Relatives of three people shot to death in Scotlandville in 2011 urged state District Judge Don Johnson on Friday not to release from custody a teenager convicted of second-degree murder in those killings.
G’Quan “Tuttie” Baker, 18, of Baton Rouge, was convicted at a jury trial in September and received an automatic life sentence without benefit of parole.
But the U.S. Supreme Court had ruled in June in an Alabama case that states cannot automatically sentence minors to life in prison without first holding a sentencing hearing.
Baker was 16 when Ashley London, 19, was shot to death June 29, 2011. A month later, Jessica Parker, 25, and Kevin Bowie, 32, were fatally shot as they sat in a car at the Elm Grove Garden Apartments.
In a separate trial last year, Preston Nelson, 29, also was convicted for the murders. Nelson is serving a life sentence without benefit of parole.
Baker should receive the same sentence, Geraldine Parker, sister of Jessica Parker, told Johnson on Friday. Baker is the first Louisiana teenager to receive a sentencing hearing as a result of the Supreme Court’s decision in the Alabama case.
“G’Quan decided to play God,” Parker told the judge. “He didn’t care for Ashley, Kevin or Jessica.”
Through tears and sobs, Parker said, “He (Baker) is a murderer, and he will do it again. If he is allowed to see the streets again, he will kill again.”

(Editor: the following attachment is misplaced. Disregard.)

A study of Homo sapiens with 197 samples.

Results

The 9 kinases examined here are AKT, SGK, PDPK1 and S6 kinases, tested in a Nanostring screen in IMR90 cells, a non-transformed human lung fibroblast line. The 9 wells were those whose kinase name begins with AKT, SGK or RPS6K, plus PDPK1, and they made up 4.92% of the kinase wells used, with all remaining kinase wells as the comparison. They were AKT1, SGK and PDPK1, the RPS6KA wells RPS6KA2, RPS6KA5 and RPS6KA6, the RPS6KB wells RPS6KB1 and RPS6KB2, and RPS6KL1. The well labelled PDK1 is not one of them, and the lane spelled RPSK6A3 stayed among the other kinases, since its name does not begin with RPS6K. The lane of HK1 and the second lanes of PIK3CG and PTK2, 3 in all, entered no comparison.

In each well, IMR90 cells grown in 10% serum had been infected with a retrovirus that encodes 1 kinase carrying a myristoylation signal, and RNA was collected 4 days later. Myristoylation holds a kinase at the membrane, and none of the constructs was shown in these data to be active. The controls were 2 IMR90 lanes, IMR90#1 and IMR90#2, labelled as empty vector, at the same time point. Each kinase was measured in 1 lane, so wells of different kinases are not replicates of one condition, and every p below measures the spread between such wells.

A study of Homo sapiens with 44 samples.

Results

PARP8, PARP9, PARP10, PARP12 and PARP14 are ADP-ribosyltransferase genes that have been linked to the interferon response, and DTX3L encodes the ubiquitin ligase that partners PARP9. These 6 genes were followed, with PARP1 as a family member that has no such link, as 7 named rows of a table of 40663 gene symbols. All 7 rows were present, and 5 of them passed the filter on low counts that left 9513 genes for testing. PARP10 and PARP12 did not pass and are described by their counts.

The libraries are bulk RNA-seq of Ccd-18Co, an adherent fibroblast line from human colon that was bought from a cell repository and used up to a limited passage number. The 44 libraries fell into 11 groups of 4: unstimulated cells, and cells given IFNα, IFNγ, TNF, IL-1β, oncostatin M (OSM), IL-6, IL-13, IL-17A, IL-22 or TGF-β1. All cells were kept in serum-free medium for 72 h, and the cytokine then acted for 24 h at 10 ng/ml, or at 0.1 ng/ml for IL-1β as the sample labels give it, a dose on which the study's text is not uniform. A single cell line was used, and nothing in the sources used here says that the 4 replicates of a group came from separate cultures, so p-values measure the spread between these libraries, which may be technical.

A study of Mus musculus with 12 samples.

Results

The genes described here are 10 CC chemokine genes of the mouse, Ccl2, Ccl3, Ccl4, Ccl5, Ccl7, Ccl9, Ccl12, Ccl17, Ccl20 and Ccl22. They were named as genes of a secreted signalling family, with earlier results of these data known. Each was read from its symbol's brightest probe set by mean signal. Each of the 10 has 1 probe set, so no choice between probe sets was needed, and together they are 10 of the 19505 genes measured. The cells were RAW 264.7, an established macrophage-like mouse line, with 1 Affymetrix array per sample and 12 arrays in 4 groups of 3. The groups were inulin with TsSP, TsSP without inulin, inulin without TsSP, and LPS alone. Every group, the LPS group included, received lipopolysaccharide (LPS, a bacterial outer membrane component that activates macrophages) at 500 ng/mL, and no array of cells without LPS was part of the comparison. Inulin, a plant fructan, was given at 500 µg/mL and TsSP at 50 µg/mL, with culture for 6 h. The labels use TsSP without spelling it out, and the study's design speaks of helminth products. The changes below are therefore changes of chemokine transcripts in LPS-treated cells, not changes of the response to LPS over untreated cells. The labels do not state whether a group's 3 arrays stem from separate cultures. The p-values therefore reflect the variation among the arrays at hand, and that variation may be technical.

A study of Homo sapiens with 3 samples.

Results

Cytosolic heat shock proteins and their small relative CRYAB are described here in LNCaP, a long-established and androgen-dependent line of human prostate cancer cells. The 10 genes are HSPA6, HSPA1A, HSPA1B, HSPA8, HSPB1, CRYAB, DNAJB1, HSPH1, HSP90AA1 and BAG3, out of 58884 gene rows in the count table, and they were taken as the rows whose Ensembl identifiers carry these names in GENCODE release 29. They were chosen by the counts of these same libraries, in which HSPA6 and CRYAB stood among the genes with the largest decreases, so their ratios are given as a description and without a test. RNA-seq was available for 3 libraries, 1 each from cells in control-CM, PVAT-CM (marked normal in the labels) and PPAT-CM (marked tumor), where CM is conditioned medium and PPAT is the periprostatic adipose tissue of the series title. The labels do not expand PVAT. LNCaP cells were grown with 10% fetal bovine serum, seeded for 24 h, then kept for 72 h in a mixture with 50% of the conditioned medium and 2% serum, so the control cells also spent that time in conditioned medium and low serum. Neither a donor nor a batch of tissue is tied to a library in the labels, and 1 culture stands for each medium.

Ashley Harris, cousin of Ashley London, told Baker: “You were grown up enough to take somebody’s life, so you should be grown up enough to do the time.”
Daphne Bowie, mother of Kevin Bowie, testified she believes Baker killed her son. She added that she does not believe Baker would ever live a normal life.
Ronald S. Haley, an attorney for Baker, urged Johnson not to sentence his client Friday. Haley said he needed additional time to call to the witness stand a mental health professional who evaluated Baker prior to trial.
Assistant District Attorney Leila Brasswell argued against any delay, noting that the proposed witness already reported to the court that Baker had a 96 percent risk for additional violent acts and a 92 percent risk for continued drug abuse.
Brasswell also noted that Baker, prior to the murders, repeatedly had been expelled from high school for fighting and had prior arrests for felony theft, theft of a firearm, simple burglary, possession with intent to distribute and disturbing the peace.
On Baker’s behalf, Haley argued that the youth was born to a mother addicted to crack cocaine and began hearing nonexistent voices by the time he was 5 years old. Haley also said Baker never received treatment for cocaine, Ecstasy and marijuana abuse after his arrests.
The judge said the sentencing hearing would resume at 1 p.m. Friday.